Southern California Wildfire Displaces Hundreds of Horses

Hundreds of horses were evacuated ahead of wildfires that spread though San Diego County, California, this week.

The San Diego County Emergency Update website indicates that, beginning May 13, wildfires burned more than 800 acres in Bernardo, California. Kenny Baker, equine manager of the Del Mar Fairgrounds, said evacuated horses began arriving at the fairgrounds on May 13 as a result of ranch, farm, and other community evacuations that took place ahead of the fire.

“We started taking in horses on Tuesday and at our highest, we had 700 horses (at the Fairgrounds),” he said.

Baker said about 300 horses left the facility on May 15 (when the evacuation order was lifted) while another 400 are expected to remain at the fairgrounds until the fire is well-contained and area weather conditions improve.

“We'll have horses here until everybody is safe,” Baker said; he expects that all the evacuated horses will leave the facility by the weekend.

While firefights continue to battle the blaze, horse owners are reminded to be ready for emergency situations in California and elsewhere, Baker said.

Horse owners in wildfire-prone regions are advised to pack trailers in advance with necessary equipment (including halters, lead lines, and feed) and to position trailers so they can be deployed quickly and easily. Additionally, horses should be trained to load easily before evacuation becomes necessary.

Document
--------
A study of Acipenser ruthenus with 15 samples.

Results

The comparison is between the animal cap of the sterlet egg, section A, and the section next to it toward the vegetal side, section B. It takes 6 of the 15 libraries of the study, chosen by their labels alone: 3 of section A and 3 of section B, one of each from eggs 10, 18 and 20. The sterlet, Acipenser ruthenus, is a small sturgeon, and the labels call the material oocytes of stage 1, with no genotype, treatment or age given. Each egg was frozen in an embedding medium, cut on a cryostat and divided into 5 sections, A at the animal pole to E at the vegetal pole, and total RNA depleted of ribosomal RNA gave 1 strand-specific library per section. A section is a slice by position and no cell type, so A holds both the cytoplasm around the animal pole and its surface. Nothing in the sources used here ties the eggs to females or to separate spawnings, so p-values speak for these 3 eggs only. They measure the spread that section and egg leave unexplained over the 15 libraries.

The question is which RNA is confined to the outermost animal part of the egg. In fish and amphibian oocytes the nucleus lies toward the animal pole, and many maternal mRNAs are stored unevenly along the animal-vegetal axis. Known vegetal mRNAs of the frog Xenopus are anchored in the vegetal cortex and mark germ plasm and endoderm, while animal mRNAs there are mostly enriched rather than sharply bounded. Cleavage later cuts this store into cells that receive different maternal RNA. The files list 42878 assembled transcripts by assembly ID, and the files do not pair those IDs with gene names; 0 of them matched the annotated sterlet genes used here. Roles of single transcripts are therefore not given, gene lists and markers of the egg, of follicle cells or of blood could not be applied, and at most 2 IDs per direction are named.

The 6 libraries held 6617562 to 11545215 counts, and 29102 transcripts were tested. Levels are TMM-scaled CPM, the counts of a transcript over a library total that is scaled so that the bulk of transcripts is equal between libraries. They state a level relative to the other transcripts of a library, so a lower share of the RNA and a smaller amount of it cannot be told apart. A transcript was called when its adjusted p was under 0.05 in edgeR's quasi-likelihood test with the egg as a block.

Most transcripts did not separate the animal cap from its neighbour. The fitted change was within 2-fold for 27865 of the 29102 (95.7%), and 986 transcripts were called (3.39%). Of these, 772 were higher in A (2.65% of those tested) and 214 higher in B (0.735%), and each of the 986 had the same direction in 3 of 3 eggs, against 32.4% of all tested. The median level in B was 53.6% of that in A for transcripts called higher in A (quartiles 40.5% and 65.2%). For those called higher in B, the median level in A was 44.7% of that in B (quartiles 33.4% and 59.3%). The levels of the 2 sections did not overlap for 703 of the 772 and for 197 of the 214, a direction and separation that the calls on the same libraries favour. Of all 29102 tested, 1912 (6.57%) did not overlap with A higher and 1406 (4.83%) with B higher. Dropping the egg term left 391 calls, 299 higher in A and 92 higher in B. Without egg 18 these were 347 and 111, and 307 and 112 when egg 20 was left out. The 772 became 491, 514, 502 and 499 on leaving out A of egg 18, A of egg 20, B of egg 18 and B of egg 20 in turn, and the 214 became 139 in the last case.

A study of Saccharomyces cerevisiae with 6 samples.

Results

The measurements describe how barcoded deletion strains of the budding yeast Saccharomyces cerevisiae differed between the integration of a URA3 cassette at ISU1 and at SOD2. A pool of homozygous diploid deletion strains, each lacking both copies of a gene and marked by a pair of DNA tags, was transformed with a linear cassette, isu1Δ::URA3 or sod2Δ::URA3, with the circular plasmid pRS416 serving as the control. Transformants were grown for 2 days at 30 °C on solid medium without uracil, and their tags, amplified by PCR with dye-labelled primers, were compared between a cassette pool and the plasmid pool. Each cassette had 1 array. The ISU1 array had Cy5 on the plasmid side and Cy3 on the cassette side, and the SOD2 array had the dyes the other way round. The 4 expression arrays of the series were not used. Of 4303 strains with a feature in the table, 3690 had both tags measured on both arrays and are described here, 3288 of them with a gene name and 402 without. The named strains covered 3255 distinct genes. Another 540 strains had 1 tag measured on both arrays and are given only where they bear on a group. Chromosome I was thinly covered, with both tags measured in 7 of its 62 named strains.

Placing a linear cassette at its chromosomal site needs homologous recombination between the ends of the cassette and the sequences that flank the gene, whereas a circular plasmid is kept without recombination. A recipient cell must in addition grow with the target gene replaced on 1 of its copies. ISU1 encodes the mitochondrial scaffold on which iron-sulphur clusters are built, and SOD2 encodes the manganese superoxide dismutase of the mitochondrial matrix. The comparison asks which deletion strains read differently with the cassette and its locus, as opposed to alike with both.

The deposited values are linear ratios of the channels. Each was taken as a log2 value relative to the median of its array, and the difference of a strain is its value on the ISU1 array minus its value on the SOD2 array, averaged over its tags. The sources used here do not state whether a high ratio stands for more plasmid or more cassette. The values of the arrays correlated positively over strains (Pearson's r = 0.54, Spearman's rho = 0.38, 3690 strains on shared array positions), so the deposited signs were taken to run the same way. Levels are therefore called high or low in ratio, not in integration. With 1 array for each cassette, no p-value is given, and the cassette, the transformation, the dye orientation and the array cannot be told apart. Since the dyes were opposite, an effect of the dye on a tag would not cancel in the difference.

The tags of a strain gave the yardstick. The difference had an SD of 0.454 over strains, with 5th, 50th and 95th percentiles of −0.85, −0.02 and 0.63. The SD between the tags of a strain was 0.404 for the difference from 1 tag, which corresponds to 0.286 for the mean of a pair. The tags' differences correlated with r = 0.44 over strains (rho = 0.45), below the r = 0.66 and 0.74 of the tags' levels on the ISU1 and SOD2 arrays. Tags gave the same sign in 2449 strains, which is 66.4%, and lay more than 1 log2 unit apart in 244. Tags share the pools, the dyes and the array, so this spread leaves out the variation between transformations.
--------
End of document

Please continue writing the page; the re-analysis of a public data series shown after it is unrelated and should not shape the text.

Owners should consistently monitor the wildfire's progress and location in order to determine if and when they should execute an evacuation plan. Further, owners should also have a planned evacuation route and arrange in advance a specific destination capable of accommodating them and their horses.

Finally, horse owners residing in wildfire-prone areas can establish defensible spaces to help protect their animals and their properties. Defensible spaces are 100-foot perimeters that surround bans, paddocks, homes, and other structures to discourage fire from advancing through the property. These spaces are devoid of overgrown brush, flammable chemicals, or trees that could fuel cinders emanating from wildfires. Livestock left on the property should be placed within this defensible space.

About the Author

Pat Raia

Pat Raia is a veteran journalist who enjoys covering equine welfare, industry, and news. In her spare time, she enjoys riding her Tennessee Walking Horse, Sonny.